Just About Everything You Wanted to Know About the Efficient Market Hypothesis

By on November 17, 2010

Philip S. Russel and Violet M. Torbey, both academics, have written an extensive article on the Efficient Market Hypothesis (EMH).

Russel and Torbey describe the three recognized forms of EMH:

First, what do we mean by an Efficient Market Hypothesis? The simplest explanation would be that securities prices reflect information. Fama (1970) made a distinction between three forms of EMH: (a) the weak form, (b) the semi-strong form, and (c) the strong form. However, it is the semi-strong form of EMH that has formed the basis for most empirical research.

The strong form suggests that securities prices reflect all available information, even private information. Seyhun (1986, 1998) provides sufficient evidence that insiders profit from trading on information not already incorporated into prices. Hence the strong form does not hold in a world with an uneven playing field. The semi-strong form of EMH asserts that security prices reflect all publicly available information. There are no undervalued or overvalued securities and thus, trading rules are incapable of producing superior returns. When new information is released, it is fully incorporated into the price rather speedily. The availability of intraday data enabled tests which offer evidence of public information impacting stock prices within minutes (Patell and Wolfson, 1984, Gosnell, Keown and Pinkerton, 1996). The weak form of the hypothesis suggests that past prices or returns reflect future prices or returns. The inconsistent performance of technical analysts suggests this form holds. However, Fama (1991) expanded the concept of the weak form to include predicting future returns with the use of accounting or macroeconomic variables. As discussed below, the evidence of predictability of returns provides an argument against the weak form.

While the semi-strong form of EMH has formed the basis for most empirical research, recent research has expanded the tests of market efficiency to include the weak form of EMH. There continues to be disagreement on the degree of market efficiency. This is exacerbated by the joint hypothesis problem. Tests of market efficiency must be based on an asset-pricing model. If the evidence is against market efficiency, it may be because the market is inefficient, or it may be that the model is incorrect. The literature documented below presents evidence of inefficiencies based on existing models and more recent research findings that cast doubt on these models.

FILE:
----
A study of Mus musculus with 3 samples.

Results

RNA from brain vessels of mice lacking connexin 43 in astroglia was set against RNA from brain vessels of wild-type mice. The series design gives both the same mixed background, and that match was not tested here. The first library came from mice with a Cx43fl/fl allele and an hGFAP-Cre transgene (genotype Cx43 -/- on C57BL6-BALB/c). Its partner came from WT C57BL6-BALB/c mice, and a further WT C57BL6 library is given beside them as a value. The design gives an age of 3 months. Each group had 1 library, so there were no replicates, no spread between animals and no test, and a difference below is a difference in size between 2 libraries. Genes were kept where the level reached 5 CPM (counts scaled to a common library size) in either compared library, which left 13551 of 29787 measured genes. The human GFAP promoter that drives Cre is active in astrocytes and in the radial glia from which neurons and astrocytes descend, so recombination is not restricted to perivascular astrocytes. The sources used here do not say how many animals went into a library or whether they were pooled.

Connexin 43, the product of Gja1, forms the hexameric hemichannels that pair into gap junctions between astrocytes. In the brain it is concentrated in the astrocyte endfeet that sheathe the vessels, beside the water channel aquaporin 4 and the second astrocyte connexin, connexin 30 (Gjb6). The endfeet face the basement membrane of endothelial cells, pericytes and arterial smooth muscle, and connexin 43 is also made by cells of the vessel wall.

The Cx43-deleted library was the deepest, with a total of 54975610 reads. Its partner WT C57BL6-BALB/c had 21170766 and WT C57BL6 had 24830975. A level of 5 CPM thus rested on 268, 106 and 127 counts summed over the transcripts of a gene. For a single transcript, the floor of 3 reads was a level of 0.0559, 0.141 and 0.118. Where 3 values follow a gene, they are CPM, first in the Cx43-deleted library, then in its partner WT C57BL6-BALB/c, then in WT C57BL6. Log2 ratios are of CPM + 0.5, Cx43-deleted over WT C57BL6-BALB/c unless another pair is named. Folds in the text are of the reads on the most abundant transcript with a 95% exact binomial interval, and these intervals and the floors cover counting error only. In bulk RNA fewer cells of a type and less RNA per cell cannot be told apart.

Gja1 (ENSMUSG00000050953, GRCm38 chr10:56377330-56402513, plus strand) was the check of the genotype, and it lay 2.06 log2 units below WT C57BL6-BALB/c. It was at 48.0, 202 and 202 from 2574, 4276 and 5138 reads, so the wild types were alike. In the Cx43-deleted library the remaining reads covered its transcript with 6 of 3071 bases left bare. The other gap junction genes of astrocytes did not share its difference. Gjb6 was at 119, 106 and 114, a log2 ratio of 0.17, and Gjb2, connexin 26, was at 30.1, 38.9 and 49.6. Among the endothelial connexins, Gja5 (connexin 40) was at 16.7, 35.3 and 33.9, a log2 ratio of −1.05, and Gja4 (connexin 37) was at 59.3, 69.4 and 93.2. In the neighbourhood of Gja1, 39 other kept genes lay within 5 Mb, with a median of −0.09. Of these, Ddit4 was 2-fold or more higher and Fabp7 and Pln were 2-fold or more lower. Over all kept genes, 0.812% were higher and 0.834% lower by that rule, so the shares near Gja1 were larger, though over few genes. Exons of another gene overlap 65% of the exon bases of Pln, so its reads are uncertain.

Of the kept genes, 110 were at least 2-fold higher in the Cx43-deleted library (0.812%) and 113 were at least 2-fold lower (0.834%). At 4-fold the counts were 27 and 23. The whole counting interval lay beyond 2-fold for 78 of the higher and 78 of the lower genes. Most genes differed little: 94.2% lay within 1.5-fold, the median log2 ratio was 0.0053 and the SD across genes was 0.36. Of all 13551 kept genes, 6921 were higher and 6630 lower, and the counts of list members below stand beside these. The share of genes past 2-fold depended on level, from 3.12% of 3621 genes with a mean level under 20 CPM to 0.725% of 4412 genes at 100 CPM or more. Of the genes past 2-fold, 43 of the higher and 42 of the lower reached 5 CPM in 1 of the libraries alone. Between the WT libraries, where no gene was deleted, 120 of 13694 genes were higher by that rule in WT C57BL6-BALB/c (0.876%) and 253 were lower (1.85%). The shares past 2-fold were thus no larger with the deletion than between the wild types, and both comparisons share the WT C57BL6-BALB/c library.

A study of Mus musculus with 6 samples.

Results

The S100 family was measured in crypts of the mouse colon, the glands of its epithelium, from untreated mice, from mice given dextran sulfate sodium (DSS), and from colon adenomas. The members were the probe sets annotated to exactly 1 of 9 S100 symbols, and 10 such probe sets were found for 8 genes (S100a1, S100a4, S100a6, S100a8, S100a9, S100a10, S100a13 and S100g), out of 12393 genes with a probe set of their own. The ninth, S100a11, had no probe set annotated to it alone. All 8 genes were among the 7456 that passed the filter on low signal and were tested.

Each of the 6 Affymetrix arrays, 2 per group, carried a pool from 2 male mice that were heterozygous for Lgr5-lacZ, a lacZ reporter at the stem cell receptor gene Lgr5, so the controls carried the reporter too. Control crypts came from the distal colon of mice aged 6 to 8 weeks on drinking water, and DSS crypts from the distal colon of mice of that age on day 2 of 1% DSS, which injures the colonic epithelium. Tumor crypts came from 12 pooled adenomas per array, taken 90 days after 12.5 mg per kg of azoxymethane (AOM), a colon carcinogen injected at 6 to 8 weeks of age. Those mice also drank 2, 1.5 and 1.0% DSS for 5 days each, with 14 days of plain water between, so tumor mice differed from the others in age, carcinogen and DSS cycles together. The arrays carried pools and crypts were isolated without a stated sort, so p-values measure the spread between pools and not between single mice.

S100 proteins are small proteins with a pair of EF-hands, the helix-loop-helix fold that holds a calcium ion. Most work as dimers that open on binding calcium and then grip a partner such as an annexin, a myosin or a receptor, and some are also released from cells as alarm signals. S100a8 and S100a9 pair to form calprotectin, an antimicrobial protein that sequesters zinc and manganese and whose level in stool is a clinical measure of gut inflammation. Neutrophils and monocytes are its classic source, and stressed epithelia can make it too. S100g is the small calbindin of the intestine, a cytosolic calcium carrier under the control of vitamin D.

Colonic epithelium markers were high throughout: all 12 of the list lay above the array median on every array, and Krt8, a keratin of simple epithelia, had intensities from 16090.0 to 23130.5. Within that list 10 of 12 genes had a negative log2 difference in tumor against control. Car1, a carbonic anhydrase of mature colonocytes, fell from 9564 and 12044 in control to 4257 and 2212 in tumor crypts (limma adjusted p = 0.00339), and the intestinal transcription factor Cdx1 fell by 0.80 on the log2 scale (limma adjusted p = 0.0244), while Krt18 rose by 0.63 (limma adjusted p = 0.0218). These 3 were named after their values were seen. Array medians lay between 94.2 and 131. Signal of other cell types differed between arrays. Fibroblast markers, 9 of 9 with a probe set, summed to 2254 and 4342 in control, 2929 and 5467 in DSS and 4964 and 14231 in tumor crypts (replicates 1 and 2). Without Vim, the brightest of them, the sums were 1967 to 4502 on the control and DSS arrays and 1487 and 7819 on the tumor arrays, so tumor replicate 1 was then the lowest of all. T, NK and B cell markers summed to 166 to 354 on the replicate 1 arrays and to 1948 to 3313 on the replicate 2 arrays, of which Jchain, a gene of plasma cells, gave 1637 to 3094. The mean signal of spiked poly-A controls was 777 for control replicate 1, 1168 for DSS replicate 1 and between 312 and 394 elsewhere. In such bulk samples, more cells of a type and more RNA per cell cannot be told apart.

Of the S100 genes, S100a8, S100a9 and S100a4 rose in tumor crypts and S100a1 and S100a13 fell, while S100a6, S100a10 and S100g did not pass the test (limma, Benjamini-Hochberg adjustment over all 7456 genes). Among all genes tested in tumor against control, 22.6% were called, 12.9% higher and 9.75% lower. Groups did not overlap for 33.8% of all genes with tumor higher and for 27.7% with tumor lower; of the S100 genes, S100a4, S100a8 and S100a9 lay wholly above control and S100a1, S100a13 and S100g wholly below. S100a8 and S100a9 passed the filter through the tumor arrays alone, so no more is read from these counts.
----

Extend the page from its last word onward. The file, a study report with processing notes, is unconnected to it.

Russel and Torbey’s paper on the EMH is lengthy and informative. I haven’t read it in its entirety but caught this while browsing it:

I. Pricing of Closed-end Funds: The Investment Company Act of 1940 regards all investment funds that do not continuously issue and redeem their shares as closed-end funds. Unlike open-end funds, closed-end funds do not stand ready to sell or repurchase their securities at the net asset value per share. [4] They float a fixed number of shares in an initial public offering and after that, investors wishing to buy or sell shares of a closed-end funds must do so in the secondary market. [5] The prices in the secondary market are dictated by the market forces of demand and supply which may not be directly linked to the fund’s fundamental or net asset value. Malkiel (1977) argues that the market valuation of closed-end investment company shares reflects mispricing. As he notes, “The pricing of closed-end funds does then seem to provide an illustration of market imperfection in capital-asset pricing.” [Malkiel, 847] In general, the funds have been shown to trade at a discount relative to their net asset values (See Malkiel, 1977; Brickley and Schallheim, 1985; Lee, Shleifer and Thaler, 1991). Between 1970 and 1990, the average discount on closed-end funds ranged between 5 to 20 percent. The existence of discounts clearly contradicts the value additivity principle of efficient and frictionless capital markets. [6] Reports from the popular press have also commented on mispricing in the closed-end fund market. As Laderman notes in Business Week (March 1, 1993), “America’s financial markets are the most efficient in the world. But there’s one corner where pockets of inefficiency still exist: closed-end funds”.

SMA Comment: It seems that efficient pricing of assets really goes out the window during periods of extreme market turbulence, like we experienced in October 2008. There were a tremendous number of closed-end funds trading at discounts to net asset value (NAV) greater than 25%. Now that market have regained their equilibrium, discounts to NAV have narrowed dramatically. This seems to be strongly contradictory to the strong form of EMH. It seems the EMH may move from weak to strong depending on the mood (and rationality) of investors.

Source: The Efficient Market Hypothesis on Trial: A Survey


  1. Anonymous

    November 22, 2010 at 6:18 pm

    Good insight. Please post more comments. They are usually more valuable than the underlying article.

  2. stocksystm

    November 24, 2010 at 2:13 am

    Thanks for the compliment. I'll be retiring at the end of the year and will have more time for my own commentary soon.